The Big Era of Sheet Music: Ragtime

Ragtime originated into the late 1890s-1920s. This music has its roots rooted in African American communities that started in in St. Louis. Ragtime music descended from the jigs and the march bands that was played by African American bands, referred to as “jig piano” or “piano thumping”. This was the Blacks way of enjoying their time and making music that enabled them to have fun. Ragtime music originated by the start of the 20th century. It became widely popularized throughout North America and was listened and danced to, performed, and written by people of many different subcultures. A distinctly American musical style, ragtime may be considered a synthesis of African syncopation and European classical music, especially the marches made popular by John Philip Sousa. However, the cakewalk preceded rags as cakewalks became the dances performed for the slave master to be rewarded with a piece of cake. In all, Ragtime music was music the Blacks enjoyed and it was referred to as the big era of sheet music.

One of the most important characteristics of Ragtime was its syncopation. Ragtime music was known for having its syncopated beats. When we refer to ragtime music as being syncopated, it means beats that happen on the upbeat, particularly on the 2 and 4 instead of the 1 and 3. It had beats that would be derived from instruments. Some instruments were the Djembe, the banjo, the guitar, the piano, and many more instruments that helped ragtime become popularized. Some of the social implications were that Whites participated in the 10 pan alley which was where white people in NY were doing music that would have been done during ragtime. Many Blacks participated in the production of different beats and dances produced during this time because it was a way for them to have fun and be lively.

Some influential composers and performers were Ernest Hogan, Eubie Blake who composed many compositions including the “Charleston Rag” and Scot Joplin who produced the “Maple Leaf Rag” as a composition for the piano. This became the model for all other ragtime compositions and is known to be the most famous work. Ernest Hogan was looked at as a pioneer of Ragtime and was the first composer to have his rags published as sheet music (first song being “La Pas Ma La”). Scott Joplin produced the first example of African American music style that  was highly syncopated and what was considered black classical music. Joplin, who was also educated, produced the first print in stores. Eventually, they were selling records, they started making sheet music, and they would perform Ragtime Music in front of large crowds. Many other performers were also influential like Winifred Atwell, James P. Johnson, George Lewis, James Sylvester Scott, and Joshua Rifkin. Ragtime inspired both Rock N’ Roll for white people and R&B for Black people. The syncopated beat and lively music paved the way for other genres.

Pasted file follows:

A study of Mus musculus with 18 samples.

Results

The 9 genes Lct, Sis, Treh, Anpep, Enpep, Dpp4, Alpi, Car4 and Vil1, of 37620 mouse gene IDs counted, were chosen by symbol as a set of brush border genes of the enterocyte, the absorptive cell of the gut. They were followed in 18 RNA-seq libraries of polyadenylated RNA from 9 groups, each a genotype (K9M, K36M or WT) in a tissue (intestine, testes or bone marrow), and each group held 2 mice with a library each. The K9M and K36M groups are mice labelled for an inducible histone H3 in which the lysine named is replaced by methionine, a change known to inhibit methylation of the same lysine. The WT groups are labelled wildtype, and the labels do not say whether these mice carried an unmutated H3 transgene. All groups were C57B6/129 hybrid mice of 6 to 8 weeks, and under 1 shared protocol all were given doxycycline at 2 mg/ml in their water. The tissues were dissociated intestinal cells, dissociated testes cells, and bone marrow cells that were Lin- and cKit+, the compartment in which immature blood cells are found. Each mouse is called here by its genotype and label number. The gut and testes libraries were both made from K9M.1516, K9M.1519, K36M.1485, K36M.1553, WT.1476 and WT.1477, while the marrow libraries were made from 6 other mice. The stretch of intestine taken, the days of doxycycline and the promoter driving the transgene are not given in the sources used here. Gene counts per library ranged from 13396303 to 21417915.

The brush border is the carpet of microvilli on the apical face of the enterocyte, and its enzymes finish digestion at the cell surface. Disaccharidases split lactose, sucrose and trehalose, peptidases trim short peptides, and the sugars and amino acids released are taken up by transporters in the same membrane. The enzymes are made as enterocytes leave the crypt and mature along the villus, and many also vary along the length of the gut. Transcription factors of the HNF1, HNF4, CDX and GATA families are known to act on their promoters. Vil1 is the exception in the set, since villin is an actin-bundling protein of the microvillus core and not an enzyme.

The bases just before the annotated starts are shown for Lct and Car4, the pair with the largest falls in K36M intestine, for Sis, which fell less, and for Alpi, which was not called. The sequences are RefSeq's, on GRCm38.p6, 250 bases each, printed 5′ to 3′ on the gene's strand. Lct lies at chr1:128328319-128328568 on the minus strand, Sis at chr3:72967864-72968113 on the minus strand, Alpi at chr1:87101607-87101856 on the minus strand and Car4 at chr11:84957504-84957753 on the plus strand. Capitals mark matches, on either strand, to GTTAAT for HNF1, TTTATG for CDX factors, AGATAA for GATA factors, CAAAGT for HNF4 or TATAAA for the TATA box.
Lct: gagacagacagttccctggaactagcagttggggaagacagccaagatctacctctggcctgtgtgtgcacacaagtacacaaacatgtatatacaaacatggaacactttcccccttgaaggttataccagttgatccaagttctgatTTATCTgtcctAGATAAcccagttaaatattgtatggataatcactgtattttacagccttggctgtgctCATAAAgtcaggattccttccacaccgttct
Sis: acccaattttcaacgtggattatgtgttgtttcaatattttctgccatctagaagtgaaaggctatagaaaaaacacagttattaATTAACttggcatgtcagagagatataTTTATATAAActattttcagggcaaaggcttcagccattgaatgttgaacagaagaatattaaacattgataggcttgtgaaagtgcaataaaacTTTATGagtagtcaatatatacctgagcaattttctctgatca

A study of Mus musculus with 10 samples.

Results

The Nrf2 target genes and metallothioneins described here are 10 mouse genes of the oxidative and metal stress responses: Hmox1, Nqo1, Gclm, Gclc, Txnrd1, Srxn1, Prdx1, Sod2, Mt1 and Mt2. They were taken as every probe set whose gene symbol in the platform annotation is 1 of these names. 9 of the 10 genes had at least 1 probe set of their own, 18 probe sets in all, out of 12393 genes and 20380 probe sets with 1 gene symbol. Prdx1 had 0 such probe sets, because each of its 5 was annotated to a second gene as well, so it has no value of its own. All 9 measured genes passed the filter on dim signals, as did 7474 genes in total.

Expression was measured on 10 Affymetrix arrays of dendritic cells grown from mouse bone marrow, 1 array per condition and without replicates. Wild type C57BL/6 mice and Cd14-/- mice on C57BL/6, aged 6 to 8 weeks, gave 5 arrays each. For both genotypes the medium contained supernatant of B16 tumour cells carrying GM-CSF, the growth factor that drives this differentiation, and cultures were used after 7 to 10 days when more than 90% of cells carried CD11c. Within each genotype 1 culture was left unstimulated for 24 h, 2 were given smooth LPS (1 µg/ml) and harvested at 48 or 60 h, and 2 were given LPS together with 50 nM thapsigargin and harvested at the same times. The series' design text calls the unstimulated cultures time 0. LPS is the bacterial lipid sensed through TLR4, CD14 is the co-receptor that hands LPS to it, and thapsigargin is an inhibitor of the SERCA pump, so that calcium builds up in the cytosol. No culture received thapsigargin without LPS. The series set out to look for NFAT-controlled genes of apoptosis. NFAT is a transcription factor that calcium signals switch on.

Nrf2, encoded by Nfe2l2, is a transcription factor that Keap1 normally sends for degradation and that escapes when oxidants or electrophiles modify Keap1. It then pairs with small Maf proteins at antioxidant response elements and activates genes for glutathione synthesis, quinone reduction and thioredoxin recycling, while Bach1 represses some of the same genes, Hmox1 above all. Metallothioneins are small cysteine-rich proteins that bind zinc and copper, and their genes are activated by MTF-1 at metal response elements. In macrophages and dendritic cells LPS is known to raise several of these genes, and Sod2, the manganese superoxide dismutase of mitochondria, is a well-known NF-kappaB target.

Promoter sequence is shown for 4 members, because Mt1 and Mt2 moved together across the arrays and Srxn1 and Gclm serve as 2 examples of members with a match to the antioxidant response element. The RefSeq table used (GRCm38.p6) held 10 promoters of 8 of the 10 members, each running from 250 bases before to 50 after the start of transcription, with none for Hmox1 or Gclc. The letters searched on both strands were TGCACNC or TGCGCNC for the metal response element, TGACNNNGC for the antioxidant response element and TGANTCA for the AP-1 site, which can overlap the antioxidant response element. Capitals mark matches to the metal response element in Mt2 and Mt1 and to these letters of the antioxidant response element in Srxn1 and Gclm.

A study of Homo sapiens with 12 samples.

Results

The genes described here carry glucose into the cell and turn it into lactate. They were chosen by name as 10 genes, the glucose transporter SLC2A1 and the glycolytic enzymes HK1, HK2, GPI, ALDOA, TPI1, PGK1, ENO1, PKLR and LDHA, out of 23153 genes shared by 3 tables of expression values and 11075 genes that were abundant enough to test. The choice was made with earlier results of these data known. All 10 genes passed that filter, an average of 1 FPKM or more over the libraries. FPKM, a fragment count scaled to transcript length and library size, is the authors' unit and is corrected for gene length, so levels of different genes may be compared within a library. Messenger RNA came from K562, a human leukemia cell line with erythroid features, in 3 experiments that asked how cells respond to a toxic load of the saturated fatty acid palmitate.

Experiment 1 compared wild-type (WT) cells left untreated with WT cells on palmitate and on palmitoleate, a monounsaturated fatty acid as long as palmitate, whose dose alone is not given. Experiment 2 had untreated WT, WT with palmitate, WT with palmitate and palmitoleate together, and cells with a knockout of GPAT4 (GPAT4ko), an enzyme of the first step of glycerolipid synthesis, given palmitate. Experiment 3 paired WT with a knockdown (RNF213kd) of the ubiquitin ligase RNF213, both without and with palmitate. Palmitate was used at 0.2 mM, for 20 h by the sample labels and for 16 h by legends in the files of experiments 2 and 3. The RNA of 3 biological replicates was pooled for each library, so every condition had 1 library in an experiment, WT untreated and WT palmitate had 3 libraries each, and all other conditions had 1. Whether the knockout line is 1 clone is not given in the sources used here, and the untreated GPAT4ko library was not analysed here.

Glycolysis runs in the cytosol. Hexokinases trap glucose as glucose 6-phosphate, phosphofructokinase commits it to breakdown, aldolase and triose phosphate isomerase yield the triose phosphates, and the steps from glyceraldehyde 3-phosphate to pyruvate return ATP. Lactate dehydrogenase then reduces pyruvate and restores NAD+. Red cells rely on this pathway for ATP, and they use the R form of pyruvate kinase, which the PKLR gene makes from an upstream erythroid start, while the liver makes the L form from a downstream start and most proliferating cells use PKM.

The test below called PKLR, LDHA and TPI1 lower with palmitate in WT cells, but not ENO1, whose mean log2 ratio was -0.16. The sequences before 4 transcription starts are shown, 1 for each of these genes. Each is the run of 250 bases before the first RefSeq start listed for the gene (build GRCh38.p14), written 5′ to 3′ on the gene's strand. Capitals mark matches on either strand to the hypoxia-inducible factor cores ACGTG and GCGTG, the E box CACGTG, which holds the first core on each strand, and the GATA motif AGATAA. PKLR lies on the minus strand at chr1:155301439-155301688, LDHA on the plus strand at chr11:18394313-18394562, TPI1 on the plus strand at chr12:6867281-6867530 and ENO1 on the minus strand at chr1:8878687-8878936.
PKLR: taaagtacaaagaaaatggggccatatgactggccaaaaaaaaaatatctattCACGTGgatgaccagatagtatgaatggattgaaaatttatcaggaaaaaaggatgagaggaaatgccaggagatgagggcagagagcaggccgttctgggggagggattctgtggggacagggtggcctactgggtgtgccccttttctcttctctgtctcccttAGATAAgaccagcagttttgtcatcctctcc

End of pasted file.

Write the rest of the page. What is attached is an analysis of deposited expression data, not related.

Overall, Ragtime was an important contribution to African American culture because it was the first time sheet music had been produced. This was an exemplary milestone for Black folks, and their music  composers such as Scott Joplin made the production of Ragtime music almost impossible to ignore or go unnoticed. While White people tried to use Ragtime to demean Black folks by making foolery and dehumanizing them, Blacks reclaimed their music regarding Ragtime to be positive, fun, and lively. Ragtime music had become increasing popular in cities like New York. This upbeat tempo, syncopated beat, and lively feel, paved the way for Ragtime music which became known as the greatest music of the 20th century.